MEDICAL aid card holders in Manicaland are getting a raw deal from private health care service providers who are either demanding top-up fees or totally refusing to attend to patients on medical insurance, The Manica Post has established.
In addition, most pharmacies are using parallel market exchange rates for shortfalls charged to medical aid card holders, especially for those on local currency schemes.
This is despite the fact that medical aid members are forking out amounts hovering above ZWL50 000 every month with the hope that their schemes will cushion them in the event that they or their dependants fall sick.
A survey conducted by The Manica Post in the province over the past two weeks revealed that some private hospitals and pharmacies are only accepting US dollars.
The survey revealed that some pharmacies in Manicaland were turning away patients with medical aid cards under the pretext that their machines are offline.
At Manatsa Radiology in Mutare, patients on medical aid are required to fork out some cash, with the officials there highlighting that they do not accept medical aid cards.
At Lancet Laboratories, PSMAS medical insurance is not accepted, while USD is demanded for tests that are done in South Africa.
As of last week, Booties Pharmacy was using an exchange rate of ZWL1 000 per each dollar, way above the official rate.
In Rusape, New Life Medical Centre is accepting all medical aid schemes, while Tariro Medical Centre is accepting all the other schemes, except PSMAS.
Life Care Pharmacy’s Rusape branches only accepts selected medical aid schemes, while Greensview Pharmacy does not accept any medical aid schemes.
However, while some General Practitioners scattered across the province demand top-up fees from medical aid members, a few medical practitioners, even specialist doctors, are content with the payments that come from their medical aid claims.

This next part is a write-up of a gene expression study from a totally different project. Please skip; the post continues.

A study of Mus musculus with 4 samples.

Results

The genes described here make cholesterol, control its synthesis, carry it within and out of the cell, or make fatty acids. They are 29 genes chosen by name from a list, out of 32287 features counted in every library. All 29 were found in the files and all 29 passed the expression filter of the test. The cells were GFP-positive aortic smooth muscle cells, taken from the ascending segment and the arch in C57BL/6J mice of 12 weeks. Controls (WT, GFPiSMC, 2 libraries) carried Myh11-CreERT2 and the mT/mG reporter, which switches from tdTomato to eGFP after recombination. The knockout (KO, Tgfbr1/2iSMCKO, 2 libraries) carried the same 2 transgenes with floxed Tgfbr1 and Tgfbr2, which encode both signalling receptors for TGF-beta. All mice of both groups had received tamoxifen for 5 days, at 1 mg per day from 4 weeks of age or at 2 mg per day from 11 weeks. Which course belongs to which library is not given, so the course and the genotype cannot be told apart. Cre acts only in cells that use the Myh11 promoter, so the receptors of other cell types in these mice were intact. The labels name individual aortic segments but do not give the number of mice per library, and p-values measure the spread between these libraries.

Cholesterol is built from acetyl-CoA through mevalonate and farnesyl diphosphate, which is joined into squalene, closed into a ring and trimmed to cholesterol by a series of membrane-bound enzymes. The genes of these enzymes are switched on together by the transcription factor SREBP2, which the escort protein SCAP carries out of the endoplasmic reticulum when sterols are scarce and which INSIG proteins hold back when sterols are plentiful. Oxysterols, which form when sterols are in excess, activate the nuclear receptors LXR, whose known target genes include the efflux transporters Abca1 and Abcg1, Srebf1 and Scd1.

Eastern Grace Dental proprietor, Dr Tarzen Mugadza said: “We are basically accepting all medical aid cards and payments. There are agreed rates that we use and they are uniform. It is not for us to decide.”
When contacted for comment, Association of Healthcare Funders of Zimbabwe (AHFoZ) chief executive, Ms Shylet Sanyanga said: “Please be advised that the local currency is a legal tender and is acceptable for business transactions in Zimbabwe. It is not justifiable for any service provider to reject payments in local currency and deny access to healthcare services for those in need.
“It should be noted that salaries are predominantly being paid in local currency, hence people can only use the currency that they have,” said Ms Sanyanga.
She said there is no reason for valid medical aid cards to be rejected.
“There is no reason for valid medical aid cards to be rejected. If there are specific challenges, these should be addressed instead of applying blanket rejections as this inconveniences those in need of healthcare services. Furthermore, rejection of a valid medical aid card is against the law.
“The members whose cards would have been rejected should contact their respective medical aid societies for assistance,” said Ms Sanyanga.
Consumer Protection Commission of Zimbabwe chairperson, Dr Mthokozisi Nkosi said the move to make things difficult for consumers is tantamount to killing the goose that lays the eggs.
“It’s unfortunate when service providers randomly short-change consumers. It is important and works in the best interest of the service providers to warn consumers of any impending changes and there must be clear justifications for such actions.
“Sector regulators should be involved and approve those price adjustments. As the consumer watchdog, we will not allow such unilateral counter-productive behaviour to the already burdened consumer.
“You can’t kill the goose that lays eggs. You suffocate the consumer, they die today and your existence is equally threatened. We urge service providers to be responsible and consult widely before making such decisions,” said Dr Nkosi.
However, a local medical practitioner who declined to be named for fear of retribution said: “Medical aids societies set tariffs for medicines but I don’t know the criteria they use. However, pharmacies know the prices better, hence the shortfalls.
“Shortfalls come in when the tariff set by the medical aid company is lower than the market price. The difference is what the patient has to pay. Medical aid companies may set a price basing on the cheapest supplier on the market at that time.
“Unfortunately, prices for medicine keep changing while the medical aid companies do not update their tariffs regularly. In most cases they remain behind so that is where the problem lies.
“It is basically the same concept in private hospitals. Medical aid companies pay a certain amount for a certain service, but practitioners charge more than that amount. Again that extra cost goes to the patient, unfortunately,” he said.